True Innovation: Challenges the Status Quo, Changes Behavior
By Jeff Spanbauer
We are experiencing innovation at a record pace. In fact, based on Merriam-Webster’s definition “the introduction of something new,” I could argue that we see new things every day. Whether it a new product at the grocery store, a new website or a new service, we are all constantly experiencing “innovation.”
I am skeptical of innovation, primarily because I have heard so many advertisements that tell me how I can’t live without the newest. Take my television – I have learned that the more “innovative” something is, the more complex it turns out to be. Remember Google TV? Realizing the benefit of that innovation for me has been fleeting.
So to me, true innovation has two components:
- It provides clear benefits
- It changes behavior
As I reflect on what is truly innovative, I have a couple of examples:
The first is my Fitbit. This is a wearable device that creates better awareness of how you’re doing regarding physical activity. My personal goal is to walk 10,000 steps (5 miles) a day. When I began, it seemed like an easy goal until I realized that I typically only took about 2,000 steps per day at work.
I changed my behavior so that I started parking farther from the office instead of trying to find the closest parking space. Also, I started taking conference calls on my cellphone so I could walk around while talking. In addition, I started running more frequently.
Even with all those changes, I still struggled to get my 10,000 steps in, so now I have a treadmill desk at the office. Even so, every Sunday evening I plan my step schedule for the upcoming week based on my meetings schedule to help me figure out which days I should run in the morning instead of relying on my treadmill desk to hit my daily step goal. All this from a simple innovation that has helped motivate me to be active to improve my health.
The second innovation is tied to dental health. I recently was exposed to a new way of providing dental services to kids at a Cincinnati school. I learned that teens are the most underserved population in the United States for preventative health services, and dental decay is the most common chronic disease of childhood (it’s five times more common than asthma). The average high school student misses 2.6 days of school per year, of which 2.3 days of those absences are due to dental-related issues.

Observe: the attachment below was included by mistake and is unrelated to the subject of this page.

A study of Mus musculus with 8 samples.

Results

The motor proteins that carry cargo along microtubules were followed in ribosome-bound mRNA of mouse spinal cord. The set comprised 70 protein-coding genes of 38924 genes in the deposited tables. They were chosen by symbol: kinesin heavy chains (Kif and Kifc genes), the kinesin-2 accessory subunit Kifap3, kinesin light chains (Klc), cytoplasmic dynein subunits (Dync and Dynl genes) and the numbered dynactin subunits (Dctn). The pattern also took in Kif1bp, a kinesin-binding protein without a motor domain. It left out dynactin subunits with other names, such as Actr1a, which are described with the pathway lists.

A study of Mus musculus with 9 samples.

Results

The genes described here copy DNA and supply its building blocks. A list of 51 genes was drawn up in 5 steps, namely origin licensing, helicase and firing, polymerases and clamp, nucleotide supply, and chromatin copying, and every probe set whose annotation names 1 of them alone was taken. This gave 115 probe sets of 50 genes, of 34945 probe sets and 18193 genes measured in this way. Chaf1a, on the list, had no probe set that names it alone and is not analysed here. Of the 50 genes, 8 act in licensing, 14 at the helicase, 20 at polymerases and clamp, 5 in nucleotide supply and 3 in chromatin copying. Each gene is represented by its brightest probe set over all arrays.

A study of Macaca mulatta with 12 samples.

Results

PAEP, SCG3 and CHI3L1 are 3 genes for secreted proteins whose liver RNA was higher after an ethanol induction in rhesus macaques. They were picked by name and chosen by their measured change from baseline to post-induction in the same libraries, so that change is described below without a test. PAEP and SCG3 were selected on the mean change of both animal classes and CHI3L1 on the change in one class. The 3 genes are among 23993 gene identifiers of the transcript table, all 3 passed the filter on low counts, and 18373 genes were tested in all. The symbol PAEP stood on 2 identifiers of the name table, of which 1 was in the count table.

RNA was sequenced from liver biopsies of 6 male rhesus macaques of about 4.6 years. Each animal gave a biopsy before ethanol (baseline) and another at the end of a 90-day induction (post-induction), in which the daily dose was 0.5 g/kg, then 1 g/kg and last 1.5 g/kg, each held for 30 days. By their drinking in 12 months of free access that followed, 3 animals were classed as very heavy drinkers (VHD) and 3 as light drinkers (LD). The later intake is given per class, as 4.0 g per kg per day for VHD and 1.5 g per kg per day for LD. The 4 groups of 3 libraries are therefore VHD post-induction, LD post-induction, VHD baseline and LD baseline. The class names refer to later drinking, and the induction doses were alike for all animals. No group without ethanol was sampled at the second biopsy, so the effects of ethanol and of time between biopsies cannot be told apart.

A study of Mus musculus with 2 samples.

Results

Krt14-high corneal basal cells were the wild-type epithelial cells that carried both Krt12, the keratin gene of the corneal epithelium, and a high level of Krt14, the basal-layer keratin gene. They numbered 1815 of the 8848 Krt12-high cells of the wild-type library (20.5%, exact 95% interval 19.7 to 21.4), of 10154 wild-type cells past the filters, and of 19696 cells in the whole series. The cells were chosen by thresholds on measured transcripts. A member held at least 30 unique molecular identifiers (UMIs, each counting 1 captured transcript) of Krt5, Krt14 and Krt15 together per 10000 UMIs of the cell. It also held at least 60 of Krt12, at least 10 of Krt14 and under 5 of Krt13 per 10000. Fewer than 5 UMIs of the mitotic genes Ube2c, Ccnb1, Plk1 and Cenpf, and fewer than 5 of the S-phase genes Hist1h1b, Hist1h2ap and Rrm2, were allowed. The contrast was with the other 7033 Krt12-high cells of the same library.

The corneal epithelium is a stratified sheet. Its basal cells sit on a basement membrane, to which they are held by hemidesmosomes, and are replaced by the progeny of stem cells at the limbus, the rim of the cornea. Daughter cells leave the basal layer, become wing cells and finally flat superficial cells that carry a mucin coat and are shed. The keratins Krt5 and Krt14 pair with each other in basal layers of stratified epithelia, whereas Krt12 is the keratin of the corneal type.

Although the city had a program to bus kids from school to a central area for a dental checkup, it typically meant that the child would miss most of the school day and get behind on classwork. Some innovative folks worked through city regulations, school policies and reimbursement challenges to open a self-sustaining dental clinic in the school to service over 1,300 kids and also kids from 10 neighboring schools. This is true innovation, which was accomplished in less than six months!
At Relevate, we are continually thinking about how to innovate – truly innovate. We aim to develop ways to enable healthcare brands to become more relevant to their local targets. Winning in a localized way is more important for brands now than ever, as the delivery landscape has radically changed from just a few years ago. Healthcare has shifted from fee for service to fee for value, and value changes for customers depending on the environment in which they live.
True innovation has two components: It provides clear benefits, and it changes behavior.
In order for healthcare brands to win in this new era, they will have to find scalable ways to be relevant to patients and healthcare professionals no matter where they live and practice, and no matter what environmental factors affect their decisions.
I would love to hear about your innovation successes and/or strategize with you on how to innovate leveraging regional relevance to grow your brand and help more patients.